Northern Uganda: Concise History of a Conflicted Land

August 9th, 2016

Northern Uganda: Concise History of a Conflicted Land

Wracked by a troubled past, Uganda continues to endure severe structural inequalities of wealth, gender, and accessibility to basic public services. Northern Uganda, a central operating area for the notorious Lord’s Resistance Army (LRA), has suffered acutely from decades of social and political conflict. While Uganda has enjoyed impressive progress in nationwide poverty alleviation, and further embedded its human rights commitments under President Yoweri Museveni, the difficult situation in the North reveals that historical scars still lurk beneath the surface of recovery.

Northern Uganda continues to struggle with the profound devastation left behind by the LRA-era conflict (International Affairs Review)

Northern Uganda continues to struggle with the profound devastation left behind by the LRA-era conflict (International Affairs Review)

As with many former colonies, the modern nation-state of Uganda began as a patchwork of administrative coalitions between various societies; constructed largely at the behest of the British Empire. Ongoing conflict and welfare disparity between the ‘marginalised North’ and prosperous South can be partially traced to their respective treatment at the hands of the British. The Acholi people, primarily concentrated in the North, are said to ‘hold the view that the colonisers exploited them for the uniformed services and for unskilled labour’, which has subsequently left them at the margins of economic development. Interestingly, even post-independence figures suggest that the Ugandan military still recruits the bulk of its personnel from the Acholi.

In contrast, Buganda in the South had largely been the beneficiary of economic development through the 20th Century, due in no small part to its favourable view among the British given their readiness for cooperation and compromise. The British thus turned to the Kingdom of Buganda as a lever through which they could control the rest of the nation; its prominent position symbolically confirmed by use of the name ‘Uganda’ to refer to the new territory, which derives from the Swahili word for Buganda. Inequalities and conflicts between the regions, naturally occurring from the linguistic divide between the Bantu speaking North and Niolitic speaking South, were provocatively exacerbated by British influence over the succeeding decades.

Although a viral hit, Kony 2012 did not result in Kony's capture (NPR)

Although a viral hit, Kony 2012 did not result in Kony’s capture (NPR)

Out of these social cleavages arose a sharply polarised party system as Uganda emerged from independence in 1962. A series of military coups across the latter decades of the 20th Century brought further dysfunction and deprivation to the North, with Idi Amin purging the Ugandan army of its Acholi elements in fear of their historical stranglehold over the increasingly powerful military. Under Amin’s premiership, many Acholi believe they were subsequently deprived of a generation of Acholi leaders through both exile and execution.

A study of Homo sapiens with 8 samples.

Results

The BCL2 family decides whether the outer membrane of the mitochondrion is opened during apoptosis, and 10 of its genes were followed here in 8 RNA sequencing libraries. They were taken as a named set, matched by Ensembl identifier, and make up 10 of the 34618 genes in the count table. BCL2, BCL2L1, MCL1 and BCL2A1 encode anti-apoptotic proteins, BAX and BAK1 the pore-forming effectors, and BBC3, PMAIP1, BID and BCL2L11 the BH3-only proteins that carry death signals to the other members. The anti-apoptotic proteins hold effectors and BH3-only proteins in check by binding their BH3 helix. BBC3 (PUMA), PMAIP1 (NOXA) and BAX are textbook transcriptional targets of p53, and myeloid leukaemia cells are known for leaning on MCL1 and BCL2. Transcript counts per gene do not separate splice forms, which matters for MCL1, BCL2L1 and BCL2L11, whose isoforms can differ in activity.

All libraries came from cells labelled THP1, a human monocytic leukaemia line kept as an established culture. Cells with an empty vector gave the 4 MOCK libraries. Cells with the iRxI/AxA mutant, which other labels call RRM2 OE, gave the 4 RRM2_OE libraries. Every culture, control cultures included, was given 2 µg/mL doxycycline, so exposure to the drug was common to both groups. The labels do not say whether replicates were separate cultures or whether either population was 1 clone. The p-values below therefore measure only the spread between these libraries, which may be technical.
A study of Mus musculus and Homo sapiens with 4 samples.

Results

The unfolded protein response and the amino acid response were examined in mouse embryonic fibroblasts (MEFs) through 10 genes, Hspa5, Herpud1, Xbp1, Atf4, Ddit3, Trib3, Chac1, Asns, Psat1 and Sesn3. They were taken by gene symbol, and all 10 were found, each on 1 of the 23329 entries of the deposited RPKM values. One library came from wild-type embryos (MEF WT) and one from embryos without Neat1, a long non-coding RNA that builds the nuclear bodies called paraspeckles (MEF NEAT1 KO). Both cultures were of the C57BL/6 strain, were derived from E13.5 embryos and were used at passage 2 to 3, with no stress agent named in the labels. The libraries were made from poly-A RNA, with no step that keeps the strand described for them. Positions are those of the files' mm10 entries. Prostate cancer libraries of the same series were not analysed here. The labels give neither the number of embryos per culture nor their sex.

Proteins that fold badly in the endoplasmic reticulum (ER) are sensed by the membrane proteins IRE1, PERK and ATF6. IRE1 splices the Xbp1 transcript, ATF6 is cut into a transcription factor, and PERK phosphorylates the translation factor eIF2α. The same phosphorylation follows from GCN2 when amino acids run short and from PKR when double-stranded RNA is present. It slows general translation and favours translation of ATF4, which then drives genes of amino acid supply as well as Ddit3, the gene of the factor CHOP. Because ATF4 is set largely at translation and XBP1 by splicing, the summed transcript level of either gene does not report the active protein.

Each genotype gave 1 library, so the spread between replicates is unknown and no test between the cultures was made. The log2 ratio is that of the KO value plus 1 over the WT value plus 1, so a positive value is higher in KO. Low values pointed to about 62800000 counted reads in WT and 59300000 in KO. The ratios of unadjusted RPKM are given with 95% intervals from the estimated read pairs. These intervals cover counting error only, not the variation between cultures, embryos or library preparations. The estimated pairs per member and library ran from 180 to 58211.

In the context of economic destitution and a vacuum of political leadership, the LRA under Joseph Kony found considerable traction in the North during the late 1980s; their ideology embedded in a vision for Acholi nationalism. An anti-insurgency campaign named ‘Operation North’, launched by Museveni’s National Resistance Army (NRA), set forth a spiralling conflict characterised by significant human rights violations by the LRA. As the latter’s support base began to dwindle during the early years of the 1990s, they resorted to increasingly brutal methods of control; from mutilations, abductions, and the forced military recruitment of children.

Though the LRA’s power has gradually withered since, they remain somewhat active in a reduced capacity; with growing concerns that they may be on the rise again. What is clear, however, is that the recent history of Northern Uganda has been marred by unequal treatment and severe socio-political instability; the symptoms of which, including high poverty and HIV levels, continue to blight the region today.

 


 

Click here to read more about HART’s partner in Uganda.

Meg Kneafsey

By Meg Kneafsey

Meg Kneafsey is a HART Ambassador and has recently graduated from the University of Durham. Meg is passionate about Youth Power and International Affairs. She has volunteered abroad and worked on campaigning and writing policies related to the Sustainable Development Goals. She also volunteers as a Trustee for Raleigh International, #iwill Ambassador for Step Up to Serve, and Panel Member for Our Bright Future. Meg also blogs for ‘We Are Restless’ and ‘Youth for Change’.